SAN ANTONIO — Lisa Sosa spent her entire life as an actress, but after taking a Mexican-American studies class at UTSA, she realized there were tons of stories that needed to be told.
She made the leap to directing and recently showed one of her short films, “Pieces of You.”
Sosa’s film tackles dementia among Latinos, specifically the caregivers’ perspective.
“You just wait, and it’s going to get worse, and the person deteriorates, so what I wanted to show was the caretaker’s point of view and how difficult it is,” Sosa said,.
The main character in Sosa’s film, Lisette, is sitting by her mother’s side at the doctor’s office with an x-ray of a brain. The doctor breaks the news to Lisette’s mom Alma that there’s no cure for her disease and recommended occupational therapy.
“You’ve just given me a death sentence, what can help me now?” Alma, the character in the film, said.
Data shows Latinos are 50% more likely to develop Alzheimer’s than non-Latino whites, and it’s projected by 2030 that 1.1 million Latinos will be diagnosed with this disease.
When Latinos have this disease, their family members typically become their caregivers. That was another nuance that Sosa captured in this film.
“Be gentle with those people, but also as a caretaker, take care of yourself too,” Sosa says.
Melissa Flores is a licensed professional counselor who works with dementia patients and caregivers. She talked about how it’s a collective effort from the patient and their family.
“It can be difficult for the person who is diagnosed to really start having that extra level of care put on them,” Flores says. “But it’s also difficult for the family to navigate, 'How do we care for someone and make sure they are safe while also respecting?”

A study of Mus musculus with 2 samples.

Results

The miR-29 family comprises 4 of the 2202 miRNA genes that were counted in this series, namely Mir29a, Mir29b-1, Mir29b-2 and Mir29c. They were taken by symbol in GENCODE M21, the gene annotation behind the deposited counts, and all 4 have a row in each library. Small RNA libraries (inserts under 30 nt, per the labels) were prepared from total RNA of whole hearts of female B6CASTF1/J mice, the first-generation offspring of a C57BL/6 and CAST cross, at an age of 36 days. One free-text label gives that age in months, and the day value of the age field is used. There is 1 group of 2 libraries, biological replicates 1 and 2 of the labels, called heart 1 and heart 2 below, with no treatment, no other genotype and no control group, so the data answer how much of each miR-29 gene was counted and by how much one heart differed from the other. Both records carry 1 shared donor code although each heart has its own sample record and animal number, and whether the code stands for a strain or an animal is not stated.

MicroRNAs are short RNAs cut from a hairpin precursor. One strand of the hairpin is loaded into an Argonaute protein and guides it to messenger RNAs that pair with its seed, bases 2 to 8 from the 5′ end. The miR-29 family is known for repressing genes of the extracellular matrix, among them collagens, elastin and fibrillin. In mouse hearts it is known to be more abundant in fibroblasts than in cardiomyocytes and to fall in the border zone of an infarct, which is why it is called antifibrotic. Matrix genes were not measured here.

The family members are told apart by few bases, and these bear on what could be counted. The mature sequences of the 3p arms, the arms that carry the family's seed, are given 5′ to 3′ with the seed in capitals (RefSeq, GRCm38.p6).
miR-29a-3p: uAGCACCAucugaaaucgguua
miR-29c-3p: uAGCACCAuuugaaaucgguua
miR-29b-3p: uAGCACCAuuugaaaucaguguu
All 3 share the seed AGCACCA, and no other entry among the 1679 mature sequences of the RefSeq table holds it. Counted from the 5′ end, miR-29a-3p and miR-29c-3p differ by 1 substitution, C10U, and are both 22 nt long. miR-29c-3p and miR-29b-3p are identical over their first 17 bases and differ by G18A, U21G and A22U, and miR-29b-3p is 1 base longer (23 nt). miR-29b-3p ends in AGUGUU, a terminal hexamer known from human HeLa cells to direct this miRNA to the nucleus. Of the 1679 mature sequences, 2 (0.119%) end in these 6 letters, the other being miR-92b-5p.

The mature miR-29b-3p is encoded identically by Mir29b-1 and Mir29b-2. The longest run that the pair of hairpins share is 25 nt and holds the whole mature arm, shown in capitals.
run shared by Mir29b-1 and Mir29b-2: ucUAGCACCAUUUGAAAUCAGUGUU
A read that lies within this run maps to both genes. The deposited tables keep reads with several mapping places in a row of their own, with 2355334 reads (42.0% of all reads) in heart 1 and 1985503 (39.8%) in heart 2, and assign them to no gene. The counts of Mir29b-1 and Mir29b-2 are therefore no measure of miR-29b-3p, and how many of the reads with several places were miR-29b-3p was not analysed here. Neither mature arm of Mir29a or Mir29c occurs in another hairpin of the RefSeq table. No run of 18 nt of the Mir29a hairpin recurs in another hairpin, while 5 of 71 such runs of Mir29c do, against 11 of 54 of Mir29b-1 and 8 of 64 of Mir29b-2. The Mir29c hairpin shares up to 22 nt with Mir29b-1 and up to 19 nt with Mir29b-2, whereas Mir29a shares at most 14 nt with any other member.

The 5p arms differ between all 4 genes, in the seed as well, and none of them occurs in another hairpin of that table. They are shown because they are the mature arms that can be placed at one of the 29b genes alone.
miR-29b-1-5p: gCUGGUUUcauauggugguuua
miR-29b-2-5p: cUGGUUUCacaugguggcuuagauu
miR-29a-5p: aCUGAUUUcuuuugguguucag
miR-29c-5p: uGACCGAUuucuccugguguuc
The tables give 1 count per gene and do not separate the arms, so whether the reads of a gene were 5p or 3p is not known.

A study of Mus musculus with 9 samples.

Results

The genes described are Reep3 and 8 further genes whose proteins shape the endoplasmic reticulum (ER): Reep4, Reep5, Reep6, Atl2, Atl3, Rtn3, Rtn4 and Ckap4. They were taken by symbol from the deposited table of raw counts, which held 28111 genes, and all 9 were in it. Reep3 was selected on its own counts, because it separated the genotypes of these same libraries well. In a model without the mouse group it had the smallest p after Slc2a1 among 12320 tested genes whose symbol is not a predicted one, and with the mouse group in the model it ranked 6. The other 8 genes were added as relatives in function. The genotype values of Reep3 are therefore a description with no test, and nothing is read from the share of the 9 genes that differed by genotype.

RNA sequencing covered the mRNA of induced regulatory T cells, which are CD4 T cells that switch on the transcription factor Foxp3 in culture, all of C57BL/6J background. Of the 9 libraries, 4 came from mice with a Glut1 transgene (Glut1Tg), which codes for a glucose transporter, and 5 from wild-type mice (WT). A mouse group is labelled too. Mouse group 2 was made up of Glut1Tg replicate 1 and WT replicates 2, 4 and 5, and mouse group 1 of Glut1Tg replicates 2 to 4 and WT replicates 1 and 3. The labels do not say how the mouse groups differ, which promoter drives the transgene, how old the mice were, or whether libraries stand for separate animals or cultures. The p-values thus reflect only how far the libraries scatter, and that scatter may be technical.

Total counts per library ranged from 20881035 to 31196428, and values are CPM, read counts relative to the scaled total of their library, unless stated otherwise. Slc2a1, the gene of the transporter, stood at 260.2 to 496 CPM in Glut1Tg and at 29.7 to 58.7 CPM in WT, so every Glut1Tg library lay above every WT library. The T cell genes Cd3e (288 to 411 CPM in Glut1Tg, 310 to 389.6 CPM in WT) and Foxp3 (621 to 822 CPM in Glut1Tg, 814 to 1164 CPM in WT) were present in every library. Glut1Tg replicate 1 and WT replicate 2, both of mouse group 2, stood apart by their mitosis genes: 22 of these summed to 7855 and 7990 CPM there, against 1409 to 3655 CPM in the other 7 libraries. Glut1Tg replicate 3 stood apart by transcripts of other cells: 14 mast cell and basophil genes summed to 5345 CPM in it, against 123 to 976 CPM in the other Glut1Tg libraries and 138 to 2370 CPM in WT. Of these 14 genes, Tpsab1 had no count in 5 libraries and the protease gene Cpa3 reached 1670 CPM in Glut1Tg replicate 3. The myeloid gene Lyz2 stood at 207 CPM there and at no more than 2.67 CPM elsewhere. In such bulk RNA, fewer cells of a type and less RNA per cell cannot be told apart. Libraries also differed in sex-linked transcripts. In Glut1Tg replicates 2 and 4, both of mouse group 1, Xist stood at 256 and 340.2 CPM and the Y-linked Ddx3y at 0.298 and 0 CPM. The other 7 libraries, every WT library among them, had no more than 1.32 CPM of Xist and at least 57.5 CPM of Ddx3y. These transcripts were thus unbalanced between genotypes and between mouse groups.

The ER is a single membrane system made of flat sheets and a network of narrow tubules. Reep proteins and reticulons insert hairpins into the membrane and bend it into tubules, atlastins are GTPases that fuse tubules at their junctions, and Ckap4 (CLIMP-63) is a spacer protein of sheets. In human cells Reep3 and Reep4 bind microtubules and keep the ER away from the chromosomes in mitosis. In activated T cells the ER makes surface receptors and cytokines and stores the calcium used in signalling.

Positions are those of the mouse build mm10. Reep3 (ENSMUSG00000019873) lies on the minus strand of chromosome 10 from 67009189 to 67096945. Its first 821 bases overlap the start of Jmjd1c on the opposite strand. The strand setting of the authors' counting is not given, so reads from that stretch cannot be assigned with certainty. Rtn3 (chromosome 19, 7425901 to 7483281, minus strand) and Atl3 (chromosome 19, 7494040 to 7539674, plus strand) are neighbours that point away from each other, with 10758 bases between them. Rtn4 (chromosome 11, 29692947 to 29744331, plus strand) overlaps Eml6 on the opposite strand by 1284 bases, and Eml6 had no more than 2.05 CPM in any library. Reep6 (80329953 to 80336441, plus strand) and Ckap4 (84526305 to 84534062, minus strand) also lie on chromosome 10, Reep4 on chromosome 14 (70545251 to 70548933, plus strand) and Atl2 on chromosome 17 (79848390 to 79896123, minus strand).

Sosa understands this because her mother also has dementia.
The scene with Lisette and Alma was actual dialogue Sosa and her mother had with the doctor. Just like Alma, Sosa is battling that sense of guilt about living her life, especially now that she got accepted into Columbia College Chicago, a film school in Chicago.
“It’s just been really really hard and for me to want to purse my life in general and she is really my champion,” Sosa says. “She’s like, 'You have to, you have to live your life.'”
Flores says that Sosa’s vulnerability can be extremely helpful.
“People who come and just share their experience is really important and really meaningful to a lot of the families, who are struggling,” Flores said. “[Families] who can say, 'Wow, that’s my experience too.'”
She says it’ll allow other caregivers to know that they are not alone.
“I will go to graduate school, but that doesn’t mean that I’m a selfish person or that you are selfish for pursuing what you want in life,” Sosa says. “The thing is, when this person is gone, you are going to have your life and you are going to have to live it, so what do you do?”